Recently I read a blog that advertised a data visualization competition. Under the heading "What Are We Looking For?" is a link to a 2007 Bloomberg Businessweek graph that visualizes how participation in online social media activities vary across age groups. The graph is reproduced below at a smaller scale:
A few aspects of this chart bothered me, so in the spirit of Kaiser Fung's excellent Junk Charts blog, here are some thought on improving how these data are visualized.
"34%" Is One Number, Not 34
Each cell in the graph consists of a 10 x 10 grid, and the number of colored squares in the grid represents the percentage of a given age group that participate in a given online activity. For example, the cell in the lower left corner has 34 dark gray colored squares to indicate that 34% of young teens do not participate in social media activities online. That's a lot of ink used to represent a single number!
Furthermore, the chart is arranged so that the colored squares across all age groups simulate a line plot. For example, the graph attempts to show that the percentage of "Inactives" varies across age groups. Note the arrangement of the dark gray squares across the first four age groups:
The four "extra" squares in the first cell (34%) are arranged flush to the left. The gap in the second cell (17%) is put in the middle. (By the way, there should be only 17 colored squares in this cell, not 18.) The extra squares in the next two cells are arranged flush right. The effect is that the eye sees a "line" that decreases, reaches a minimum with 18–21 group, and then starts increasing.
This attempt to form a line plot out of colored squares can be deceptive. For example, by pushing all of the extra squares in one age group to the right and all of the colored squares in the adjacent age group to the left, I can bias your eye see local minima where there are none. This technique also fails miserably with nearly constant data such as the orange squares used for the "Collector" group. The eye sees little bumps, whereas the percentages are essentially constant across the age groups.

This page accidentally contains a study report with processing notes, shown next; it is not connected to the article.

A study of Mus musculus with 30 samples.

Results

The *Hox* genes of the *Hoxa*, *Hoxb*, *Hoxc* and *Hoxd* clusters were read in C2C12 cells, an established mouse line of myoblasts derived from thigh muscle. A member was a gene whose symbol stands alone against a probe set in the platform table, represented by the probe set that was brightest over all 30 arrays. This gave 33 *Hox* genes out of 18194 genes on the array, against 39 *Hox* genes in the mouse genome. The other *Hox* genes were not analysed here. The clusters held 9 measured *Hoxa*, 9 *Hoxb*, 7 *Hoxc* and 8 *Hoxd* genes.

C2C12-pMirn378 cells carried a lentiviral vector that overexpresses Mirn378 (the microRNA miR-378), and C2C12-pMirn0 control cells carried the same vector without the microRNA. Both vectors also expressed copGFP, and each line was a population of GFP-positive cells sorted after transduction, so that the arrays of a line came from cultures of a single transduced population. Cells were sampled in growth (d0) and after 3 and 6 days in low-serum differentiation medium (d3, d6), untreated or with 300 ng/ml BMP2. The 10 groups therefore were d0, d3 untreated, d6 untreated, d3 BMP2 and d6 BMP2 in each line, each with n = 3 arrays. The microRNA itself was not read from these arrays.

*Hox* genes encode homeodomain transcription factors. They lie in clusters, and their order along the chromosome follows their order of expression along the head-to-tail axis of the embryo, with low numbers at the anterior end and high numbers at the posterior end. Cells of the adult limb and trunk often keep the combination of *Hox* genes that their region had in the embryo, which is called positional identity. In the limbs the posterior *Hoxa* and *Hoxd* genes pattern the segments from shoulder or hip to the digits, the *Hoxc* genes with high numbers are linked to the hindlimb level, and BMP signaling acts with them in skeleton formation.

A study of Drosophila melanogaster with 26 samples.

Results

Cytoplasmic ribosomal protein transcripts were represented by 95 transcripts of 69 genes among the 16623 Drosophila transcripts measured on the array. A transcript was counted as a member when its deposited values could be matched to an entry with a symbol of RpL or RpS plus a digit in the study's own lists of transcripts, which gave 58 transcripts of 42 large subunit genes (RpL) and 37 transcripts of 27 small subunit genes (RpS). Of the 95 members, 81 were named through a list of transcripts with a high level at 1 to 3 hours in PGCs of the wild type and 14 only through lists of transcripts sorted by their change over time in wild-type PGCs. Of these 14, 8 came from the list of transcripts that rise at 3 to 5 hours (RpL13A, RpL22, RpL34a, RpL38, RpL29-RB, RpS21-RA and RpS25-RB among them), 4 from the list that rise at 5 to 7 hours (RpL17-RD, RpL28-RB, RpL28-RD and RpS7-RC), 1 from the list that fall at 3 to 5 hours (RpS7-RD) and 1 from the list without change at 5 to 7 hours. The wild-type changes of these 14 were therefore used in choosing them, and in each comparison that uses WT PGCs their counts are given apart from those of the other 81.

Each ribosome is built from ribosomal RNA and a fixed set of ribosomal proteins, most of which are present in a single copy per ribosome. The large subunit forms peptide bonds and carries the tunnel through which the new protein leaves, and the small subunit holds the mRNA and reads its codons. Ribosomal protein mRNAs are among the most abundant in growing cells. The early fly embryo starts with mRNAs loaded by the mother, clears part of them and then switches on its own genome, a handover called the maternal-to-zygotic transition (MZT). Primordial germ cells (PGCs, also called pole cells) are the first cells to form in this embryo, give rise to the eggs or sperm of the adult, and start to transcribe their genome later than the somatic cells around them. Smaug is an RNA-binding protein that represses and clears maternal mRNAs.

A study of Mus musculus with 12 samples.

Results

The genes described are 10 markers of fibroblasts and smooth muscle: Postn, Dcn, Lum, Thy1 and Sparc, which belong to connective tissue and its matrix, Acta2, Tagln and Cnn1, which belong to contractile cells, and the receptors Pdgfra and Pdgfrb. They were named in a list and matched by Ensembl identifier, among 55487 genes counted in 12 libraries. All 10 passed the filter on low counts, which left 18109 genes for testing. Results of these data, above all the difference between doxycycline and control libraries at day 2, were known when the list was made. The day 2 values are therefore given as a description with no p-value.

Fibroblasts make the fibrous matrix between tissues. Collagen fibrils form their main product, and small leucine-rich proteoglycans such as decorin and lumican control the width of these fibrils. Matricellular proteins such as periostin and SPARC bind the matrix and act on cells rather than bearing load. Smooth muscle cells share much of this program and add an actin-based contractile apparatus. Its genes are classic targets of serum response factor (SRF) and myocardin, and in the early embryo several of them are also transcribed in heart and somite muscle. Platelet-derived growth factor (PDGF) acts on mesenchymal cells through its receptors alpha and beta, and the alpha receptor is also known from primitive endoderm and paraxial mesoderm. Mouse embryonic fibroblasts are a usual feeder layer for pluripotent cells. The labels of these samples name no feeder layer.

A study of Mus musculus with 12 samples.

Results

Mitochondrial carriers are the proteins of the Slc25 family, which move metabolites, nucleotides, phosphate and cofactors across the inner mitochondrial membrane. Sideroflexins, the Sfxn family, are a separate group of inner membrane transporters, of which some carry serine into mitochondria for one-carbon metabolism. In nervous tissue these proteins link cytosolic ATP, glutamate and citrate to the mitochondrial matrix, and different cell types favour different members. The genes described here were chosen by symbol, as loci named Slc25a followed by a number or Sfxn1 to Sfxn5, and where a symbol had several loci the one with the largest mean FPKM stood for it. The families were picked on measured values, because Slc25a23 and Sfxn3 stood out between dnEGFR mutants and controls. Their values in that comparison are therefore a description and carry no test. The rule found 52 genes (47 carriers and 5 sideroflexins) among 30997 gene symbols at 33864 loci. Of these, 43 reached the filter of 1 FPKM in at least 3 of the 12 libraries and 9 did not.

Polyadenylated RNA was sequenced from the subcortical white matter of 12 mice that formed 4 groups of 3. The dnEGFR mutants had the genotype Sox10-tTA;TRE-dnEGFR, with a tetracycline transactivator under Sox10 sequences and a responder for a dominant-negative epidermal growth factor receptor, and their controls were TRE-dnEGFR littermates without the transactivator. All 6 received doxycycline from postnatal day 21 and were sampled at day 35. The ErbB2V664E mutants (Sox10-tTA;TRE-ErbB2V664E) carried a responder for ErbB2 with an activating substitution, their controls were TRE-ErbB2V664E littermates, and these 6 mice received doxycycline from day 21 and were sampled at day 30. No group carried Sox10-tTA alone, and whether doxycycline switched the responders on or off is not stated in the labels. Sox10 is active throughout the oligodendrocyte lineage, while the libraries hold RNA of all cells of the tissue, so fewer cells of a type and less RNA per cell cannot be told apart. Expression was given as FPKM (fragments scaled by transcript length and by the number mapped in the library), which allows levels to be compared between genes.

If You Want a Line Plot...
If you have data suitable for a line plot, then create a line plot. Here is a bare-bones strip-out-the-color-and-focus-on-the-data line chart. It shows the data in an undecorated statistical way that the editors at Businessweek would surely reject! However, it does show the data clearly.
The line plot shows that participation in most online social media activities peaks with the college-age students and decreases for older individuals. You can also see that the percentage of "Collectors" is essentially constant across age groups. Lastly, you can see that the "Not Active" category is flipped upside down from the previous category. It shows the percentage of people who are not active, and therefore reaches a minimum with the college-age students and increases for older individuals.
The line plot formulation helps to show the variation among age groups for each level of activity. You can, of course, use the same data to create a graph that shows the variation in activities for each age group. Perhaps the creator of the Businesweek graph did not use a line plot because he was hoping that one chart could serve two purposes.
Asking Different Questions
When I look at these data, I ask myself two questions:
- How does participation in social media differ across age groups?
- Given that someone in an age group participates, what is the popularity of each activity?
On Friday I will use these data to create new graphs that answer these questions, thereby presenting an alternate analysis of these data.
Do you see features of the Businessweek graph that you think could be improved? Do you think that the original graph has merits that I didn't acknowledge? Post a comment.